Last month, Mr. Aldus wrote a great piece about a student testing for black belt who received encouragement from his karateka. His inspirational story directly translates to a piece we introduce this month about respect.
“I value rei above all else,” Mr. Aldus said. “Rei is simply defined as respect. I appreciate Master Gichin Funakoshi’s concept of rei. As Master Funakoshi states in his treatise, The Twenty Guiding Principles of Karate, “Karate-Do begins and ends with rei.”
Rei means much more than respect. It encompasses both an attitude of respect for others and a sense of self-esteem. When those who honor themselves transfer that feeling of honor and esteem-that is, respect to others, their action is nothing less than an expression of rei.”
Master Funakoshi also goes on to state,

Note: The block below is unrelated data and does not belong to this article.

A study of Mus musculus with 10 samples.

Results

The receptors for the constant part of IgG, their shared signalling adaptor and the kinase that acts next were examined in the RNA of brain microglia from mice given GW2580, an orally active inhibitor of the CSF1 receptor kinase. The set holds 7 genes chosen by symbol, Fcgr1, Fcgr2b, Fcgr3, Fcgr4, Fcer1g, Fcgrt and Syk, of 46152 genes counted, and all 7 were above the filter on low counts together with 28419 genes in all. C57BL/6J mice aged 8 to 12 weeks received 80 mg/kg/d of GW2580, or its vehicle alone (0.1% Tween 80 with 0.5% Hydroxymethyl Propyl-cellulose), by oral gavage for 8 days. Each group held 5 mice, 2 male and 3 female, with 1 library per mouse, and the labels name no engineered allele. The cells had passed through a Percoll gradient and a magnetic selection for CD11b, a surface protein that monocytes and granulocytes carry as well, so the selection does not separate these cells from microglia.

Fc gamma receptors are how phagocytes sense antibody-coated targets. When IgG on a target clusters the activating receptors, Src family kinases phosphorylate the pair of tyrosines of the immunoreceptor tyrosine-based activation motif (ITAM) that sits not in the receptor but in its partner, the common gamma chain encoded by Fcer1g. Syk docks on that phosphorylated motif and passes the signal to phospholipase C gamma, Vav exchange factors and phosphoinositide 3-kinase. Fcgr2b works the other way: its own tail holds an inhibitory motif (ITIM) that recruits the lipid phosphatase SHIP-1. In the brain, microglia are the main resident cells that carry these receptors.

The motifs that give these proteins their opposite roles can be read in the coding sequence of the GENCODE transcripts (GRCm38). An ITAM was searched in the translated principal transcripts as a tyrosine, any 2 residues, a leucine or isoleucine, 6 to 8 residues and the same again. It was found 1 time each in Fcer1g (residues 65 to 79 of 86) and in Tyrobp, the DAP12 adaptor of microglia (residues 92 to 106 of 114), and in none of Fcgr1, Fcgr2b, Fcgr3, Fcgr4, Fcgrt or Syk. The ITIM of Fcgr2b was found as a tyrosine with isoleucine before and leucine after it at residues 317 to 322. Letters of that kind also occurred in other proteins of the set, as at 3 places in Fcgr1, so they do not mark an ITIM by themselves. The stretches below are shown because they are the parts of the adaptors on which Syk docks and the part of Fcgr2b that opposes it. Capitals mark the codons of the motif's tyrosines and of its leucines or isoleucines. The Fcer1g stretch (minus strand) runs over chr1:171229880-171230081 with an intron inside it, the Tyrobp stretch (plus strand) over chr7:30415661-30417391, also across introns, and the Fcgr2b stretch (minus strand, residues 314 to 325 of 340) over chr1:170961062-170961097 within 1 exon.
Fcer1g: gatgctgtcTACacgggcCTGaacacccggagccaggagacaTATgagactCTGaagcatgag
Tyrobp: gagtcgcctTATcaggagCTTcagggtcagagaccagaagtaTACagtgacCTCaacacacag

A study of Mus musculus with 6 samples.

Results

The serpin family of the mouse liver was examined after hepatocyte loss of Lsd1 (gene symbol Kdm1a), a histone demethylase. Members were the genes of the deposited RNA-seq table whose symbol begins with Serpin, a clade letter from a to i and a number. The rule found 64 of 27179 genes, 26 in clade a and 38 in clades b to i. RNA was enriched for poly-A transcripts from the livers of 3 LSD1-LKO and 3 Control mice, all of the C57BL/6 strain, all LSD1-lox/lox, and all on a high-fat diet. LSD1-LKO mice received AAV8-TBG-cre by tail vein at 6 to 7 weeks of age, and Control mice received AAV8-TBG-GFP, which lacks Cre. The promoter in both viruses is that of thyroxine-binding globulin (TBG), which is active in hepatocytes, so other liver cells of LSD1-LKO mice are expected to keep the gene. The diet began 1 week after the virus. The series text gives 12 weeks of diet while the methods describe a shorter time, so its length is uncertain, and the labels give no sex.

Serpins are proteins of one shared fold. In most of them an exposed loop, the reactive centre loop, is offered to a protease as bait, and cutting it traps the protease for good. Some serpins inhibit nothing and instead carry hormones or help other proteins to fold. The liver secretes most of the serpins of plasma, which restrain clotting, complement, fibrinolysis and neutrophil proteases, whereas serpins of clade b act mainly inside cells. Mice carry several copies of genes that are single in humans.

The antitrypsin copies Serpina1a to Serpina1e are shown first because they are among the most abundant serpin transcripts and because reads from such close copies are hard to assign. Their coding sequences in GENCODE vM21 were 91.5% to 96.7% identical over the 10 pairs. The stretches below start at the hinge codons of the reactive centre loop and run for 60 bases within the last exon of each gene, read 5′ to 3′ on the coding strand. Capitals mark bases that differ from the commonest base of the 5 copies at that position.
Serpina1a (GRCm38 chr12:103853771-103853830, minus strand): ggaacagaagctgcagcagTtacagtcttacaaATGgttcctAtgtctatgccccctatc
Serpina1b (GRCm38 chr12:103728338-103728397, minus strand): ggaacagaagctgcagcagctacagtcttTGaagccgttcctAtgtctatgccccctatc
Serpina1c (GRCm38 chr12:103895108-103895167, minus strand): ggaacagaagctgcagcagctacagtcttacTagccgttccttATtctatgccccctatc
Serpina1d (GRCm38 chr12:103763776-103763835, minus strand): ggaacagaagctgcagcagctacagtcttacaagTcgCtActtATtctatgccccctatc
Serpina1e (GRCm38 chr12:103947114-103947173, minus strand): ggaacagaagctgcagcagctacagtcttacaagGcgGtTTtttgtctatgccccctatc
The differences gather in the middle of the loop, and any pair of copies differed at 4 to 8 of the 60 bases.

It should be also noted that although a person’s deportment may be correct, without a sincere and reverent heart they do not possess true rei. True rei is the outward expression of a sincere heart.
“All martial arts begin and end with rei. Unless they are practiced with a feeling of reverence and respect, they are simply forms of violence.”
In addition to rei, Mr. Aldus also lists other aspects of the martial arts that are important to him: “friends I have met during my journey in the martial arts, the students with whom I had the privilege and honor in sharing knowledge passed down to me and the benefits to my health – physically, psychologically and spiritually.”
Having learned what a martial arts practitioner of more than 40 years values most about the martial arts, what about you? What do you value the most?